Wakanyeja – Early Childhood Education Initiative

Creating Systems of Care and Learning for Native Children


Project Description:


Learn how your institution can work with your community to prepare young children for academic and social success at a foundational age by creating and providing a place-based, culturally appropriate education. Download our free landmark report detailing our work that has inspired an international movement: Tribal College and University Childhood Education Initiatives: Strengthening Systems of Care and Learning with Native Communities from Birth to Career.

The American Indian College Fund, through the Wakanyeja “Sacred Little Ones” – Tribal College Readiness and Success by Third Grade, is working to bring together tribal colleges, communities, educators, and families to address early learning disparities in Native communities. The initiative addresses the following five domains:

  1. Improve cognitive and non-cognitive skill acquisition among American Indian children
  2. Improve early childhood teacher education quality in Native communities by partnering with post-secondary teacher education programs at tribal colleges
  3. Bridge early childhood education Pre-K transition to K-3 schooling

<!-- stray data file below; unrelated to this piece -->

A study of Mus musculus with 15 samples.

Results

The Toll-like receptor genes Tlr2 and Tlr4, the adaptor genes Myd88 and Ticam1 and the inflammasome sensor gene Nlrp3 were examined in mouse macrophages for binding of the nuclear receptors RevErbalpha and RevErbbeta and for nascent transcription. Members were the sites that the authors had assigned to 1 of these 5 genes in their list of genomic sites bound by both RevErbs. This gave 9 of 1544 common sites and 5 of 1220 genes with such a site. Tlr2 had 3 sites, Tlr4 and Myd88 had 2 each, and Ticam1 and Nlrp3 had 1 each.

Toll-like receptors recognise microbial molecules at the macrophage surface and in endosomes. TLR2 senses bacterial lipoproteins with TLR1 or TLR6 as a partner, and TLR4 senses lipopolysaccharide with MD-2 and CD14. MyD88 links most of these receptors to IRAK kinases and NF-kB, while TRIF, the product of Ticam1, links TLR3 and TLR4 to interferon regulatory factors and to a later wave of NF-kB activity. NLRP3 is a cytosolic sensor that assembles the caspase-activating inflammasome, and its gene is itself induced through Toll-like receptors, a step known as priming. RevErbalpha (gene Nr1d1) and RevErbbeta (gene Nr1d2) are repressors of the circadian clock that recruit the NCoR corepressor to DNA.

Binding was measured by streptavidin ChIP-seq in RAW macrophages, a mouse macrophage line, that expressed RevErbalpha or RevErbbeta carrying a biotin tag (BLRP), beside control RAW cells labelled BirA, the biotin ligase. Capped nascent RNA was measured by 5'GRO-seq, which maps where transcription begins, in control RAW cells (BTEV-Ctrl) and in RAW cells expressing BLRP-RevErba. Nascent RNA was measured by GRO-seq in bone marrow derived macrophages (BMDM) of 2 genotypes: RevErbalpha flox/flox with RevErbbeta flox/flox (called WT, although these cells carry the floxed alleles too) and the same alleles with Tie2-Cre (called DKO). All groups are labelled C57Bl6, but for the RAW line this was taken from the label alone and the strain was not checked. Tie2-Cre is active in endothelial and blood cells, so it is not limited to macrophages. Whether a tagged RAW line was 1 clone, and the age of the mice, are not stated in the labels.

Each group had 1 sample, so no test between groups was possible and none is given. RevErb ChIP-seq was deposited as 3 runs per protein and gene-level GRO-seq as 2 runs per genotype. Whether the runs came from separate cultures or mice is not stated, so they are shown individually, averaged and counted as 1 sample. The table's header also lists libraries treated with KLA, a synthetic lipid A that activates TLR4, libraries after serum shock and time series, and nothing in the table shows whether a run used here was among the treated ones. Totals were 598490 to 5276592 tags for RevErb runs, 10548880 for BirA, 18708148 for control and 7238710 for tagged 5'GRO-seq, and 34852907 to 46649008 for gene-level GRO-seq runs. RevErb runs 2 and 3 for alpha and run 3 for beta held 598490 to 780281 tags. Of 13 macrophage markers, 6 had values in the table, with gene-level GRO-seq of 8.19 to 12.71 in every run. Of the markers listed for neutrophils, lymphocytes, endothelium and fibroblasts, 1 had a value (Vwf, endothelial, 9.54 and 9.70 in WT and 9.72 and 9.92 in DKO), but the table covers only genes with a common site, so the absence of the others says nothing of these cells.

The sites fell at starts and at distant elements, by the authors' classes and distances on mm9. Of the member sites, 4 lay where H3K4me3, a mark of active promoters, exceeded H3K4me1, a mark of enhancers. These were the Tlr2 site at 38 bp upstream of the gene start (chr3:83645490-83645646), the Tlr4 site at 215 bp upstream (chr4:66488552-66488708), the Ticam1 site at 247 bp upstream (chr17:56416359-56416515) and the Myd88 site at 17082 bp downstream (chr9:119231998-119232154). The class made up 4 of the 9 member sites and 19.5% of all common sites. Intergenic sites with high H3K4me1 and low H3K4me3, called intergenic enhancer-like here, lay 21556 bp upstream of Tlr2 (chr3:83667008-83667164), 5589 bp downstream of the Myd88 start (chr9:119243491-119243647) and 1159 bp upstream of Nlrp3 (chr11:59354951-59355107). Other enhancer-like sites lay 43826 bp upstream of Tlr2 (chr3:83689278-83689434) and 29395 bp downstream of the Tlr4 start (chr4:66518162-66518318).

4. Integrate Native language(s) and culture(s) into curriculum development and instruction for teacher preparation programming, early childhood education centers, and K-3 settings
  5. Empower families and communities to act as agents of change in education for their children


In 2011, four tribal colleges were selected through a competitive process to participate in the Wakanyeja ECE Initiative and received up to $935,000 over four years to develop and strengthen early childhood education programs at tribal colleges. The Wakanyeja ECE Initiative grantees are: Ilisagvik College (Barrow, AK), College of Menominee Nation (Keshena, WI), Southwestern Indian Polytechnic Institute (Albuquerque, NM), and Northwest Indian College (Bellingham, WA).